Sons of Confederate Veterans mark burials at University of Arkansas at Pine Bluff

 

The Pine Bluff Camp of the Sons of Confederate Veterans recently placed 14 monuments and markers in two historic cemeteries on the University of Arkansas at Pine Bluff campus.

Evelyn Wright approached a member of the SCV, Edgar Colvin, and requested help marking some of her relatives’ graves and restoring the old historic Wright Cemetery located on the UAPB campus.  It was later learned that 37 individuals were moved to the Jane Oliver Cemetery in 1998 to make way for the Golden Lions Stadium. The cemetery was named for a black woman who acquired the Wright’s farm after the Civil War. According to Adam Robinson of Robinson Funeral Home of Pine Bluff, who supervised the relocation of these graves, they held the remains of children and adults that died in the late 1800s to the early 1900s. Since these graves remained unmarked, the SCV decided to place a monument and four corner markers to mark their location. 

After contacting Dr. Lawrence Davis of UAPB and discussing the matter with him, Dr. Davis agreed that it was important to memorialize these historic sites.  Dr. Davis also stated it is important to remember our history and tragic mistakes so as not to repeat them in the future.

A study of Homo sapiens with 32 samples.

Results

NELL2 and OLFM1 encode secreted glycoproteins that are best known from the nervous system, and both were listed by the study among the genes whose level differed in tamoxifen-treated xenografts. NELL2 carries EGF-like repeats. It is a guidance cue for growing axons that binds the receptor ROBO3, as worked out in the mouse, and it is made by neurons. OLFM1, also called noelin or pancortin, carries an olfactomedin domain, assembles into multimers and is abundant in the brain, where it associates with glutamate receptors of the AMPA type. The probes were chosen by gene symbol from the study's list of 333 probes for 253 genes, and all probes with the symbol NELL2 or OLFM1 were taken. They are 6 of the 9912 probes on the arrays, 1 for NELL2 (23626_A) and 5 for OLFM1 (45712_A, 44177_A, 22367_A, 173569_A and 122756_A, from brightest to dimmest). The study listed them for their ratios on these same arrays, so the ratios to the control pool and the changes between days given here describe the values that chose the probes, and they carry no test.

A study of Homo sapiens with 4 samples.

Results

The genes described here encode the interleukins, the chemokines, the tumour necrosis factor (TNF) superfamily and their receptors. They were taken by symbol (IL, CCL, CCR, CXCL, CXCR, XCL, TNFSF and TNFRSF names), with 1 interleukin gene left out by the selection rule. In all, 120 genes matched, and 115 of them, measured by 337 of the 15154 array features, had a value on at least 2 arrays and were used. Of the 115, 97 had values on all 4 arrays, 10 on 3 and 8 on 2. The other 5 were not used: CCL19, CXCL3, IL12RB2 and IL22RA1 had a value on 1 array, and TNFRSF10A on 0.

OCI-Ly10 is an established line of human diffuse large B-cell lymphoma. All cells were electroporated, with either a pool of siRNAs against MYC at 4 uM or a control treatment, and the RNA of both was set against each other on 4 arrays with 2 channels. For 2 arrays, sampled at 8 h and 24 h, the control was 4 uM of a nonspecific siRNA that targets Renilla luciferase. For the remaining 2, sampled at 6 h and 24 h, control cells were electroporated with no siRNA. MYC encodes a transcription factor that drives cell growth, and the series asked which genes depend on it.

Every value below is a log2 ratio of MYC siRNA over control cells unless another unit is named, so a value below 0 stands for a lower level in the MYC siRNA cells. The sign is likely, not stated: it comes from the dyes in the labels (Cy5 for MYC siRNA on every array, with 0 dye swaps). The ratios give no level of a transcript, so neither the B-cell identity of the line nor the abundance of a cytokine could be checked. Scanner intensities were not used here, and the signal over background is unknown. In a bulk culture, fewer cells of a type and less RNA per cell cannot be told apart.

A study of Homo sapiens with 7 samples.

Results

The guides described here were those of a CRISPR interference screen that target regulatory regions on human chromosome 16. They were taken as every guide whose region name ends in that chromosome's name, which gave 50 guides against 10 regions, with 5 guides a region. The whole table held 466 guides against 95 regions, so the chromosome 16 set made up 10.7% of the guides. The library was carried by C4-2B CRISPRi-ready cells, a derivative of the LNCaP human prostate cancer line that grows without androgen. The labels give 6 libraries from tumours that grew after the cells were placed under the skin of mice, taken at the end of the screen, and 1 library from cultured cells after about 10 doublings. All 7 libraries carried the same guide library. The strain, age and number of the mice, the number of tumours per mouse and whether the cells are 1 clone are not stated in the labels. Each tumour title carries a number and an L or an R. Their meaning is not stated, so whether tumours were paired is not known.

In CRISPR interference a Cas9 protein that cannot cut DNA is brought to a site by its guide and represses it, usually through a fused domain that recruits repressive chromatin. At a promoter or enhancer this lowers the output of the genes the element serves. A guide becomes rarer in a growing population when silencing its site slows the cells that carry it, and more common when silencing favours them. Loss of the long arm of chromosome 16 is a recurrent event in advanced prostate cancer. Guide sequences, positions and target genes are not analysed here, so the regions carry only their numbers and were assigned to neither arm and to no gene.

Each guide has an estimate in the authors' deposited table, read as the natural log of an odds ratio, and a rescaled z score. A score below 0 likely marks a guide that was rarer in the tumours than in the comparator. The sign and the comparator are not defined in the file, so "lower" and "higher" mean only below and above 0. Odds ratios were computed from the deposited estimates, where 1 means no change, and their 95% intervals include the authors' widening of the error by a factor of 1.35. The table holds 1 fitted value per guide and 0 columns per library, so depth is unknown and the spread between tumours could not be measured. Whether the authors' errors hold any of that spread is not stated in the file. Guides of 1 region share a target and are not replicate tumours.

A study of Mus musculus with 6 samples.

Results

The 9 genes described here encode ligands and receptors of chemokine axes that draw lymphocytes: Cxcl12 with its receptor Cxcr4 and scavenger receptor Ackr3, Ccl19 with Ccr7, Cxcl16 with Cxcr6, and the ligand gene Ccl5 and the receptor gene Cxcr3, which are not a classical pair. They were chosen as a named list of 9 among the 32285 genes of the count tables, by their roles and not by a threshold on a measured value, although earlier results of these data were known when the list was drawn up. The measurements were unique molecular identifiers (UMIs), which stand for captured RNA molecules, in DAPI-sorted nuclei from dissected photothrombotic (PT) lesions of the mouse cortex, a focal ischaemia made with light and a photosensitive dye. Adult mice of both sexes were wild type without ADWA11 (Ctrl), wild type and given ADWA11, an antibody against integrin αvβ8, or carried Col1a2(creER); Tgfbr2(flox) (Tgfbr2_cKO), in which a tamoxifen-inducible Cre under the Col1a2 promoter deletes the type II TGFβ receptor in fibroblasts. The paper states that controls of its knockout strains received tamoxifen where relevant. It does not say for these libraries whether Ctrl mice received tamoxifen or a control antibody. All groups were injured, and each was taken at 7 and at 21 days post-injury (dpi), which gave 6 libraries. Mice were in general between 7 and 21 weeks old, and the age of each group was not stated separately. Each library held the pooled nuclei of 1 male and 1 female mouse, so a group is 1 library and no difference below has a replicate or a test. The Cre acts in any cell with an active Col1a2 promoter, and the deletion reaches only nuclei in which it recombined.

Five monuments and four markers were placed in the Wright Cemetery that according to Evelyn Wright of Pine Bluff, who has done extensive genealogical research on the Wright family, was established with the death of Dr. Joseph J. Wright in 1854. The cemetery was located on the family farm that was patented in 1842 when Joseph Wright and his wife Elizabeth Tucker, who was born in North Carolina, settled in Jefferson County. The family home was located at the present day intersection of University Avenue and Jane Oliver Drive.  This location was also used as an encampment during the Civil War by Texas soldiers.

The SCV members raised the fallen marker of Dr. Joseph Wright, the early settler, and placed a monument to his wife Elizabeth Tucker.  She was born on June 18, 1811, and died August 5, 1865.  The group also placed monuments to mark the graves of Dr. Wright’s sons who served in the Confederate army during the Civil War. The sons were Lt. Joseph W. Wright and Pvt. Hartwell T. Wright who survived the war and lived until  the 1890s. A monument was placed to mark the grave of Mary R. Toney, wife of Hartwell Wright, who was born February 6, 1847, and died May 26, 1883.  Information on the markers also lists names of three other Wright children, but Ms. Wright is not certain if they are buried in the Wright Cemetery. 

The monuments were procured and some engraved by Edgar Colvin, a long-time historic preservationist from Pine Bluff. Colvin has placed monuments not only in Arkansas but also in Louisiana, Texas, Missouri and Mississippi.  He has been instrumental in the development of the Marks’ Mills Battlefield area near the Marks Cemetery and park at New Edinburg.